It may seem that defense of a government’s unique ability to provide services, which are available through the private sector, is an oxymoron on these pages. Consider, however, whether it is sane to ask government to regulate government.
Grand Haven’s Board of Power and Light most recently put its toe in what is currently a cesspool of “service” for telecommunications. Coldwater, Hillsdale and Holland are already at various stages of providing or studying such expanded services. Now enter the Michigan Chamber of Commerce which last month resolved to encourage “fair play” legislation governing municipal involvement. Perhaps they have missed the debacle created of telecom legislation currently causing everyone to wonder what begot what in a vicious tangle of non-service.
If the issue is indeed fair play, these small community governments might be encouraged. Private sector companies are awash in arguments over who/what owns which cable; companies laying cable are doing so in major metropolitan markets, skipping the Hollands and Grand Havens for the bigger share. Consider the comment of one Grand Haven resident and businessman, “When I want to see the chairman of the Board of Power and Light, I can.”
The Michigan Chamber seeks to have legislation subjecting municipal telecom to the same taxes and regulations as the private sector, primarily because governments have tax exempt status in purchasing equipment and financing. Turn that around and it has the sound business laments of government prescribing more costly regulations for business.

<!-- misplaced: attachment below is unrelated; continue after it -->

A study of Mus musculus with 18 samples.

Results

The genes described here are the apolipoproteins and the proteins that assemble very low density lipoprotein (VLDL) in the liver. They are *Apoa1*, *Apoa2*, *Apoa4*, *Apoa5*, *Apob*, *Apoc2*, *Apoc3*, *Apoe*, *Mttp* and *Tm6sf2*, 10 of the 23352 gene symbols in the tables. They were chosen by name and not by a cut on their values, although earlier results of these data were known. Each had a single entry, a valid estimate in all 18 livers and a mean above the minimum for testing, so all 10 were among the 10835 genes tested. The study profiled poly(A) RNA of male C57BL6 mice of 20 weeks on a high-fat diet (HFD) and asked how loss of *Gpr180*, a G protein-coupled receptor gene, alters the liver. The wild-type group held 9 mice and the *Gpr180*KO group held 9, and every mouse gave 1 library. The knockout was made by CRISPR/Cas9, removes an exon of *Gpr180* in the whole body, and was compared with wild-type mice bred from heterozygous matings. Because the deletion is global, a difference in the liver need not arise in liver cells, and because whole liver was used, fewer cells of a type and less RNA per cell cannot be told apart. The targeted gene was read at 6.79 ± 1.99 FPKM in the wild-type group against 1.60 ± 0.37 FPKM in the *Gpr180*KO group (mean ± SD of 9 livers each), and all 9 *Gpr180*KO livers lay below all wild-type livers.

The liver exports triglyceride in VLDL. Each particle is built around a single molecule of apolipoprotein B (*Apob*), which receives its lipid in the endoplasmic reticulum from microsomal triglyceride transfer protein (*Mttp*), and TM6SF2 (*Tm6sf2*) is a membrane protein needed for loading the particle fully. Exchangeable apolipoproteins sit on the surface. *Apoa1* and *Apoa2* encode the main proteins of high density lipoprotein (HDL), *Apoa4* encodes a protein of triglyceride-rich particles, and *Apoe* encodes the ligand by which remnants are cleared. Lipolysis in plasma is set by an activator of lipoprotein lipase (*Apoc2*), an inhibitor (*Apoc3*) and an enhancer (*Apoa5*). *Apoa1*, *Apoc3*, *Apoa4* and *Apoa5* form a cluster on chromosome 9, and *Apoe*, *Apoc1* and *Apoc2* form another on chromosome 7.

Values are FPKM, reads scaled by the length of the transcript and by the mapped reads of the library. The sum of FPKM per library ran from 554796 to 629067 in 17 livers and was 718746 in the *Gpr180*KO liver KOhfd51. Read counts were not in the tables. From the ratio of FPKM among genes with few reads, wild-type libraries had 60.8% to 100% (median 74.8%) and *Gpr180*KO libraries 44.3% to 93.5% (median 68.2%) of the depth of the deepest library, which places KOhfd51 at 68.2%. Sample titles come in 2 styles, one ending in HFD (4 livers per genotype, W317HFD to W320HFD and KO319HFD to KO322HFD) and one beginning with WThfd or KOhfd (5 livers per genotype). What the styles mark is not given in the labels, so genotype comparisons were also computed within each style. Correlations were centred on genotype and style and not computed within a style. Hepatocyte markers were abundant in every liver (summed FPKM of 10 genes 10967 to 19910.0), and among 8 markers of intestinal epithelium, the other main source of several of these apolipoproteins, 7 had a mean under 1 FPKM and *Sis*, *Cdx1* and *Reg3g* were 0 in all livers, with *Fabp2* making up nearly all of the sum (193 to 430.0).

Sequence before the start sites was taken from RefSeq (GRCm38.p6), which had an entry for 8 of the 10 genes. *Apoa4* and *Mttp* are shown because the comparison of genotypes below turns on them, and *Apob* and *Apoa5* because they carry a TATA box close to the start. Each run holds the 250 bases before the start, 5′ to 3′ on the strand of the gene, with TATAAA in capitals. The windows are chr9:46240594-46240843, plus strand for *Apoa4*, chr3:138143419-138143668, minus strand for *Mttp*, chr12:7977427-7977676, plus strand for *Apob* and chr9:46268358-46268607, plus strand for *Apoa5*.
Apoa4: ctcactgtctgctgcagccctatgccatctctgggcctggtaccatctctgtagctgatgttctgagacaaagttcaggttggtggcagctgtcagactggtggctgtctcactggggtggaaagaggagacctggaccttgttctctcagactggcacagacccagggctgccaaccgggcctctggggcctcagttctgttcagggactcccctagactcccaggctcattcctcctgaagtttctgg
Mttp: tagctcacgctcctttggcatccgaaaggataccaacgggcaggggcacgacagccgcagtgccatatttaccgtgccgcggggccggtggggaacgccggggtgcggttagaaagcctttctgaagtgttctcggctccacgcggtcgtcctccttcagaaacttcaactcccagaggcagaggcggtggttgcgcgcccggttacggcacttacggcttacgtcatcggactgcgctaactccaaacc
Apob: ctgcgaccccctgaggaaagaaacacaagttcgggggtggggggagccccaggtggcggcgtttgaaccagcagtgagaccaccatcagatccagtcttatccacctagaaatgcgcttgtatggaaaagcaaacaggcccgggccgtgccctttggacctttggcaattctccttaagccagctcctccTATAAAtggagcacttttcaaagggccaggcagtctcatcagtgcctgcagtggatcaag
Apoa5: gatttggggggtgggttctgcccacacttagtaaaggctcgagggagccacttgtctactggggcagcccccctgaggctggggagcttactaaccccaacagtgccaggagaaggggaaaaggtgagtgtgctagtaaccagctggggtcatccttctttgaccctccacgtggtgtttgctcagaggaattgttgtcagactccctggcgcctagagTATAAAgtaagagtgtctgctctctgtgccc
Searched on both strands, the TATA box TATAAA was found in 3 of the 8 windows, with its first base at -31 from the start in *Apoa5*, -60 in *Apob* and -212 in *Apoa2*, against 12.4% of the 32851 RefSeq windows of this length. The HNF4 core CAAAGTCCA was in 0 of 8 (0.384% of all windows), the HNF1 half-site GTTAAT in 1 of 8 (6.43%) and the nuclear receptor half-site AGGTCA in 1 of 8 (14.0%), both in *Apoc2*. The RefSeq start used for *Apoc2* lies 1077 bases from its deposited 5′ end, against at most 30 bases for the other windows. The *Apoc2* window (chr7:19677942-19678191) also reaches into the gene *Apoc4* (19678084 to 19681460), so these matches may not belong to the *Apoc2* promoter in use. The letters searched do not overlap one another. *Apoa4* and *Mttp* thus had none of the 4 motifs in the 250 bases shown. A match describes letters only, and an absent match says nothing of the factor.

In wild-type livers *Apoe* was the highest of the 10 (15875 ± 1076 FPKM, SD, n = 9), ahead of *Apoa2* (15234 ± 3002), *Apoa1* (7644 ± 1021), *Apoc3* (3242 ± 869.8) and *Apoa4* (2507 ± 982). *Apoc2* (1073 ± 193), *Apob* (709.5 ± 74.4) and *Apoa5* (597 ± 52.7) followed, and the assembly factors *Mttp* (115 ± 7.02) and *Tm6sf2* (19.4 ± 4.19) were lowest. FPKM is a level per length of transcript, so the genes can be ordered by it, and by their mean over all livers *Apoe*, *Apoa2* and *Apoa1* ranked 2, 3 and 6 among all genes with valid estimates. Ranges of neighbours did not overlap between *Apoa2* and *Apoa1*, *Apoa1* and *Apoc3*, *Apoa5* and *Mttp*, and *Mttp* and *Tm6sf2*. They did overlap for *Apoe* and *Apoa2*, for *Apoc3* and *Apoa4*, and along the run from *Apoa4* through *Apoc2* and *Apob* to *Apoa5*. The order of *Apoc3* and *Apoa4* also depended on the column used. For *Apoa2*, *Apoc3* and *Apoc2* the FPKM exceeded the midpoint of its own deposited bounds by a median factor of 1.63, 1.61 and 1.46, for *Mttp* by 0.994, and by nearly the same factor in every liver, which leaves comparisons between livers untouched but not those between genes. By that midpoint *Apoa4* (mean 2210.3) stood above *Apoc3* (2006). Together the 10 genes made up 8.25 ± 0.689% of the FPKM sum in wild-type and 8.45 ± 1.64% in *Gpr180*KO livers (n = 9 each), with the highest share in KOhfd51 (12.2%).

What threat is to be made of these small communities providing services to their residents when the private sector already has shunned them? What is at stake is access to the world via the information highway and the ability of businesses as well as residents in smaller communities to grow and access information.
Reliability and dependability is exemplified in each of these communities, and no better than by Grand Haven Board of Power and Light’s ability last year (ask Mark) to rebuild an entire system in four days after (Mark:disaster). We would ask whether anyone recalls how many Texans in Ameritech trucks it took last year just to answer standard service calls in the greater Grand Rapids metropolitan area. Such an insult of incompetence by the private sector at this writing deserves no consideration in “unfair” privilege.
One has to ask who might be contributing these days to the Michigan Chamber.